Advanced Search
MyIDEAS: Login to save this paper or follow this series

Sources of Agricultural Productivity Growth in Central Asia

Contents:

Author Info

  • Lerman, Zvi
  • Sedik, David J.
Registered author(s):

    Abstract

    The paper examines agricultural production and productivity growth in two Central Asian countries – Tajikistan and Uzbekistan. Both countries are characterized by a significant shift of resources from the traditional Soviet model of collective agriculture to more market-compliant individual and family farming. In both countries, the beginning of the policy-driven switch to family farming around 1997 coincided with the beginning of recovery in agriculture, namely resumption of agricultural growth after a phase of transition decline since 1991. In addition to growth in total agricultural production, we also observe significant increases in productivity of both land and labor since 1997. These observations suggest that productivity growth may be attributable to the changes in farming structure in Central Asia. To check this conjecture we assess the sources of growth by applying the standard Solow growth accounting methodology. Using time series of country statistics for farms of different organizational forms, we decompose the growth in output into growth in the resource base (extensive growth) and growth in productivity (intensive growth). Solow growth accounting clearly shows that, first, much of the growth at the country level is attributable to increases in productivity rather than increases in resources and, second, the increases in productivity in family farms (especially household plots) outstrip the increases in productivity in former collective and state farms. These findings confirm that the recovery of agricultural production in Central Asia has been driven largely by productivity increases, and it is the individual farms that are the main source of agricultural productivity increases.

    Download Info

    If you experience problems downloading a file, check if you have the proper application to view it first. In case of further problems read the IDEAS help page. Note that these files are not on the IDEAS site. Please be patient as the files may be large.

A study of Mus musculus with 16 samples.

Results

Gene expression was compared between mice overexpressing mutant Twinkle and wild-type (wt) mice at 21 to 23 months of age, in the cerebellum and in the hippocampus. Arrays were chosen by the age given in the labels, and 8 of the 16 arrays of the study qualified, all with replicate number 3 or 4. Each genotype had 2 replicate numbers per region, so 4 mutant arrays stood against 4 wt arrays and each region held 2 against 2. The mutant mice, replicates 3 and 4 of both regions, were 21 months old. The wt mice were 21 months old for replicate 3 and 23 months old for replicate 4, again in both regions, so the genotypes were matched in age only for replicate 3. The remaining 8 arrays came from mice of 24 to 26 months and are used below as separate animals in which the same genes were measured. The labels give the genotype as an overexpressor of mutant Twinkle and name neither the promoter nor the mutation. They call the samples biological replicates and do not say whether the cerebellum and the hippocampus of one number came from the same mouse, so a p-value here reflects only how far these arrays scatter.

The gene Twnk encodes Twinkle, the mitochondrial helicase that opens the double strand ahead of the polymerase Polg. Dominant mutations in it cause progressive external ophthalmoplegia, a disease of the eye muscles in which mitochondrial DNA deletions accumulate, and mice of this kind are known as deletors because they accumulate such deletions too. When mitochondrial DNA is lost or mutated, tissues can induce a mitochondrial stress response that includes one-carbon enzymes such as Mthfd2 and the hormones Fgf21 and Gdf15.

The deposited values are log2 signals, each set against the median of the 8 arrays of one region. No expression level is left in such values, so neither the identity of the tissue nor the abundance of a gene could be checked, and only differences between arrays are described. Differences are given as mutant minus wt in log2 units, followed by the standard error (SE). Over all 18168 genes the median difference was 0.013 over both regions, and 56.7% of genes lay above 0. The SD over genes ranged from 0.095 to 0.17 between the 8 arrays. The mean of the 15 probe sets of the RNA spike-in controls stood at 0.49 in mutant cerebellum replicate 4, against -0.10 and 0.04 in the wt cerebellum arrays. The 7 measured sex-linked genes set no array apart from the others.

File URL: http://purl.umn.edu/49312
    Download Restriction: no

    Bibliographic Info

    Paper provided by Agricultural and Applied Economics Association in its series 2009 Annual Meeting, July 26-28, 2009, Milwaukee, Wisconsin with number 49312.

    as in new window
    Length:
    Date of creation: 2009
    Date of revision:
    Handle: RePEc:ags:aaea09:49312

    Contact details of provider:
    Postal: 555 East Wells Street, Suite 1100, Milwaukee, Wisconsin 53202
    Phone: (414) 918-3190
    Fax: (414) 276-3349
    Email:
    Web page: http://www.aaea.org
    More information through EDIRC

    Related research

    Keywords: agricultural productivity; agricultural growth; family farms; corporate farms; comparative performance; agrarian reforms; transition countries; Central Asia; Tajikistan; Uzbekistan; Agricultural and Food Policy; Institutional and Behavioral Economics; Land Economics/Use; Productivity Analysis; P27; P31; P32; Q15; R14;

    Find related papers by JEL classification:

    This paper has been announced in the following NEP Reports:

    References

    References listed on IDEAS
    Please report citation or reference errors to , or , if you are the registered author of the cited work, log in to your RePEc Author Service profile, click on "citations" and make appropriate adjustments.:
    as in new window
    1. Allen, Douglas W & Lueck, Dean, 1998. "The Nature of the Farm," Journal of Law and Economics, University of Chicago Press, vol. 41(2), pages 343-86, October.
    2. Douglas W. Allen & Dean Lueck, 2004. "The Nature of the Farm: Contracts, Risk, and Organization in Agriculture," MIT Press Books, The MIT Press, edition 1, volume 1, number 0262511851, December.
    Full references (including those not matched with items on IDEAS)

    Citations

    Lists

    This item is not listed on Wikipedia, on a reading list or among the top items on IDEAS.

    Statistics

    Access and download statistics

    Corrections

    When requesting a correction, please mention this item's handle: RePEc:ags:aaea09:49312. See general information about how to correct material in RePEc.

    For technical questions regarding this item, or to correct its authors, title, abstract, bibliographic or download information, contact: (AgEcon Search).

    If you have authored this item and are not yet registered with RePEc, we encourage you to do it here. This allows to link your profile to this item. It also allows you to accept potential citations to this item that we are uncertain about.

    If references are entirely missing, you can add them using this form.

    If the full references list an item that is present in RePEc, but the system did not link to it, you can help with this form.

    If you know of missing items citing this one, you can help us creating those links by adding the relevant references in the same way as above, for each refering item. If you are a registered author of this item, you may also want to check the "citations" tab in your profile, as there may be some citations waiting for confirmation.

    Please note that corrections may take a couple of weeks to filter through the various RePEc services.